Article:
FLINT, Mich. — Not even a broken-down car could keep a delivery driver from getting pizzas and a liter of soda to the woman who ordered them.
Benjamin Houston, who works at Domino’s in Flint, Michigan, walked to her house to make his delivery.
The customer, Ashley Schafer, shared the feel-good story on Facebook, saying her “faith in humanity was restored all because of pizza.”
“It might seem silly, but in a world that right now feels tumultuous and full of hate, and in a city where itself and its people are constantly put down, there was this bright light that was Ben,” Schafer wrote.
To show her gratitude, she created a GoFundMe page for Houston, which has since raised more than $10,000.
“Since my family struggles itself, I don’t have the financial ability to help in any way,” Schafer said. “Being able to do this … for someone who really deserves it makes me feel like I actually did something.”
Schafer, 34, ordered three pizzas from Domino’s late at night on July 15. With her two small daughters, a 20-month-old and a 5-year-old, fast asleep, she couldn’t leave the house.
“My husband is third shift so sometimes we have dinner for breakfast and all eat together,” Schafer said. “This night I decided to order the pizza to have it for the morning.”
The Flint resident checked the app on her phone and saw the pizza had left the store at 11:24 p.m.
But an hour went by, and still no delivery man and no pizza.
“When my pizza hadn’t come … I was wondering what the heck was going on,” she said.
Finally, she heard a knock on her door. Her initial thought?
“Yay, pizza,” she said.
But no, the cheesy goodness would have to wait.
It was the Domino’s assistant manager telling her the delivery driver’s car had broken down. He was concerned about Houston, who is deaf.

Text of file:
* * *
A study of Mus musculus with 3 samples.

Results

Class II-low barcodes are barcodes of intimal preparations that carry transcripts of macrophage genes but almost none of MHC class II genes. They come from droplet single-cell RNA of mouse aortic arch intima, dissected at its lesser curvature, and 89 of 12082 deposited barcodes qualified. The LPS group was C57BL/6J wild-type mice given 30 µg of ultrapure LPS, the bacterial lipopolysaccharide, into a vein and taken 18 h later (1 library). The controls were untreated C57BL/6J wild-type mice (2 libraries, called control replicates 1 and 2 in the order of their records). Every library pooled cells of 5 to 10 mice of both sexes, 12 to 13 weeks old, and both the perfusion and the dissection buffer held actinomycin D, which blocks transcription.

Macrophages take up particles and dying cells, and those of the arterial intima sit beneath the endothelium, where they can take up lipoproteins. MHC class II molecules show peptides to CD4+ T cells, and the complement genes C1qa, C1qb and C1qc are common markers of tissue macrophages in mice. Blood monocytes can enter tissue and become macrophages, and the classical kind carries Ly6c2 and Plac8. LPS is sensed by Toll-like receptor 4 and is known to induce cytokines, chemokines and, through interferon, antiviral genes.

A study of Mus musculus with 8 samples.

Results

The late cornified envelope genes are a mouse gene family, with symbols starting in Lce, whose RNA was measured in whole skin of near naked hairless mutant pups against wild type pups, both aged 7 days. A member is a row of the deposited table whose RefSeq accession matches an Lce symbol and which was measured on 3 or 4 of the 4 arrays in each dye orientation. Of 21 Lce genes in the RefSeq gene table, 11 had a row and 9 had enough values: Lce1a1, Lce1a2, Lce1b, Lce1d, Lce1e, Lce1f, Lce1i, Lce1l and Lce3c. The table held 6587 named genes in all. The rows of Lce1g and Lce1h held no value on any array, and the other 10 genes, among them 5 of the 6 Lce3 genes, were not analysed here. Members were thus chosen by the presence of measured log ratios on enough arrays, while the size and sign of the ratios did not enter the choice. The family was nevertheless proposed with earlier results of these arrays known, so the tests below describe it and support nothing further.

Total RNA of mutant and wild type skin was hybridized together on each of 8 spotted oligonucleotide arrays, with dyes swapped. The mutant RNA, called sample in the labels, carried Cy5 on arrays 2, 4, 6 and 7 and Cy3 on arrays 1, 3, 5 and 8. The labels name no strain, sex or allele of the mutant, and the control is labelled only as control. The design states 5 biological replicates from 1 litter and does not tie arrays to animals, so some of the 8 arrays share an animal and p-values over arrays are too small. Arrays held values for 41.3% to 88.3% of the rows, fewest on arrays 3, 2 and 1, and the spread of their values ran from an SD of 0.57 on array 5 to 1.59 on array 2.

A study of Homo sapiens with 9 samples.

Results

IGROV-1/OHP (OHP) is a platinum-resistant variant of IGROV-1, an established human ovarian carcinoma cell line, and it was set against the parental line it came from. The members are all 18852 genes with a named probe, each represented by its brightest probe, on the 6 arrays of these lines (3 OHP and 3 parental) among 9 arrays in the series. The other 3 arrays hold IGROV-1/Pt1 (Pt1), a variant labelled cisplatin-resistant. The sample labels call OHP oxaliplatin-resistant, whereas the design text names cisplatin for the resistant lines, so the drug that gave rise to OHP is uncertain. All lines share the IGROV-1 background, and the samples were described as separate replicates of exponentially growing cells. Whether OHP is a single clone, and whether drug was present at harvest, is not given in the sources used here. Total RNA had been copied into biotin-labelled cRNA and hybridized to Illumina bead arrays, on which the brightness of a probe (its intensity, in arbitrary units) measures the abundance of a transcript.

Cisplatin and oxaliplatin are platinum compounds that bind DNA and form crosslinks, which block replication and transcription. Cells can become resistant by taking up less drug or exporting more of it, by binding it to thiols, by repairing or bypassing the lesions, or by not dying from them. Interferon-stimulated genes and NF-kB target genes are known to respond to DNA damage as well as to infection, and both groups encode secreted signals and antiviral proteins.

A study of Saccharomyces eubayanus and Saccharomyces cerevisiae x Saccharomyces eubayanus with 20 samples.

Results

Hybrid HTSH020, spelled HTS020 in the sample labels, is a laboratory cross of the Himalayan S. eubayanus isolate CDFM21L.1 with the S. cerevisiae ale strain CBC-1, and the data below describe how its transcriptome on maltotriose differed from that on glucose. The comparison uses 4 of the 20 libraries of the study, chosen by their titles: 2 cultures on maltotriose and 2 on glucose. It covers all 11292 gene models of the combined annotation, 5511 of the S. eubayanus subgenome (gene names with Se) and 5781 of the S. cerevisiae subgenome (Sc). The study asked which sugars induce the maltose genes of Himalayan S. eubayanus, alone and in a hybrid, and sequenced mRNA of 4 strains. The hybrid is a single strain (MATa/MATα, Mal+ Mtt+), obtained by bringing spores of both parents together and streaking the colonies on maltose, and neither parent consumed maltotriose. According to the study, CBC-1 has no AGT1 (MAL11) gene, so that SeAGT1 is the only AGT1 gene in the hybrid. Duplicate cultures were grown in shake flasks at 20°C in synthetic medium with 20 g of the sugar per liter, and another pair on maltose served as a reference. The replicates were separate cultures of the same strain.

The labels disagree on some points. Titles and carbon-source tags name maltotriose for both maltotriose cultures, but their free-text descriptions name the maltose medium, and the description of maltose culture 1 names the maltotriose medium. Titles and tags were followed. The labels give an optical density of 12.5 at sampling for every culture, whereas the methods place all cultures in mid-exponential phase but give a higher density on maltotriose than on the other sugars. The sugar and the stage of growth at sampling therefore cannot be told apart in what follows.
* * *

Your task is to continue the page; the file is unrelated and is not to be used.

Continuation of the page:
“I told him I wasn’t worried about the pizza. Go find Ben,” she said. “It was 12:30 in the morning and being a delivery driver can be dangerous as it is.”
Houston’s Chevrolet HHR had broken down on the side of the road on his way to Schafer’s house.
At first, he waited for his co-worker to come pick him up. But after a while, he decided to set out on foot and deliver the pizzas.
“I don’t like sitting in a car doing nothing for so long,” Houston said. “Even though the area where I live is not safe for people to walk, especially a deaf person.”
Luckily, he didn’t have any issues on the half-mile trek to Schafer’s house.
More than two hours after Schafer had placed the order, Houston showed up at her house, the coveted pizzas in hand.
He apologized profusely for the wait, and she tipped him $20 for his troubles.
Schafer couldn’t believe her eyes when she looked out her window and realized she didn’t see Houston’s car. He had left his broken-down car and walked all the way to her house.
“It’s more than pizza of course,” she wrote. “It’s an enormous understanding of responsibility, respect for self and another human being, and above all unsolicited kindness.”
It meant the world to her, but Houston said he’d do it all over again. He called Schafer a “blessing” for everything she’s done for him.
“I appreciated that she set up GoFundMe so I can fix the car and don’t have to ever worry about it again for a while,” he said.